South Dakota Advances Proposed Abortion Ban

In a direct challenge to the Roe v. Wade Supreme Court decision that legalized abortion nationally, South Dakota on Wednesday moved closer to passing the nation’s most restrictive abortion law.

The proposed legislation, which passed in the state Senate by a vote of 23-12, would ban the procedure in all circumstances except to save the life of the mother. Despite last minute pleas by some lawmakers to add more exceptions, the bill also prohibits abortion in cases of rape and incest.

"This bill is as straight forward and as honest as it can be. It just says no more abortions unless the life of the mother is threatened," said state Sen. Bill Napoli (R-Rapid City).

The sponsors of the bill say they want to force the courts to reexamine the abortion issue adding that medical advances during the past 33 years have shown that life begins at conception.

"[I]t is time for this South Dakota Legislature to deal with this issue and protect the rights and lives of unborn children," said Sen. Julie Bartling (D-Burke). "There is a movement across this country of the wishes to save and protect the lives of unborn children."

The proposed abortion ban comes at a time when the Supreme Court is in a transition period. Two new justices have been appointed to the bench in the past several months.

The newly constituted court with Chief Justice John Roberts and Associate Justice Samuel Alito has already shown a willingness to dive into the abortion debate. The Court said on Tuesday that it will hear arguments later this year in a case involving a federal ban on a type of late-term abortion which opponents call “partial-birth” abortion.

Courts in several states have already ruled that the law is unconstitutional because it does not provide an exception for the health of the mother, a key requirement of the Roe court decision in 1973.

In South Dakota, Planned Parenthood, which runs the only abortion clinic in the state, said that it would file a lawsuit if the proposed legislation is signed into law by the governor.

"South Dakota's ban is the most sweeping abortion ban passed by any state in more than a decade. Planned Parenthood will go to court to ensure women, with their doctors and families, continue to be able to make personal health care decisions — not politicians," Planned Parenthood Federation of America lawyer Eve Gartner said in a written statement.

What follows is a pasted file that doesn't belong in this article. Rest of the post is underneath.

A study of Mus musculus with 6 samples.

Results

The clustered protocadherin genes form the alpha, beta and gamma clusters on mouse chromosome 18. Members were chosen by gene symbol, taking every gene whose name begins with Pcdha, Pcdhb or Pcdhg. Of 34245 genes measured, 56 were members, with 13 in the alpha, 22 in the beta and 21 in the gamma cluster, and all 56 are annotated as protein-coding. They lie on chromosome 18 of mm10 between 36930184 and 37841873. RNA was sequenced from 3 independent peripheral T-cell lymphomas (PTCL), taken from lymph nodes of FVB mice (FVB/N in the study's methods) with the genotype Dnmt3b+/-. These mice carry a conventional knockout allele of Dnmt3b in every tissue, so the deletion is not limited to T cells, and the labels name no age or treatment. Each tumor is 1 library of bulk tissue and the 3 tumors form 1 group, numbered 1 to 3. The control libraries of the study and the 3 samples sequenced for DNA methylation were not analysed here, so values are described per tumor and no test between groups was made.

Patrick Mahoney, president of the Christian Defense Coalition, meanwhile, stated that the tide is turning against the Roe v. Wade decision.

"The optimism in the pro-life community also surged yesterday when the Supreme Court agreed to hear a case on banning partial-birth abortion,” he said Wednesday. “All of these things indicate that Roe is slowly, but surely, being chipped away at.

“Our hope and prayer now is that Governor Michael Rounds will sign this bill and send a clear message to the other states to affirm the dignity of life."

Exception for Rape

Although an amendment to the bill adding an exception for rape was considered by state senators, the proposed change was defeated 14-21.

"To require a woman who has been savaged to carry the brutal attack result is a continued savagery unworthy of South Dakota," said, Sen. Stan Adelstein (R-Rapid City), according to the Argus Leader.

However state Sen. Lee Schoenbeck (R-Watertown) objected. He said rape should be punished severely but added that a rape exception is unfair to "some equally innocent souls who have no chance to stand and defend themselves."

The proposed legislation must be still be reconciled in the House and Senate because of a minor difference in the Senate and House versions. Afterwards, the bill would need to be signed by Gov. Michael Rounds (R), an abortion opponent who has not publicly stated his opinion about the bill.

The law would make performing an abortion a felony punishable by up to five years in prison, unless it is to save the mother’s life.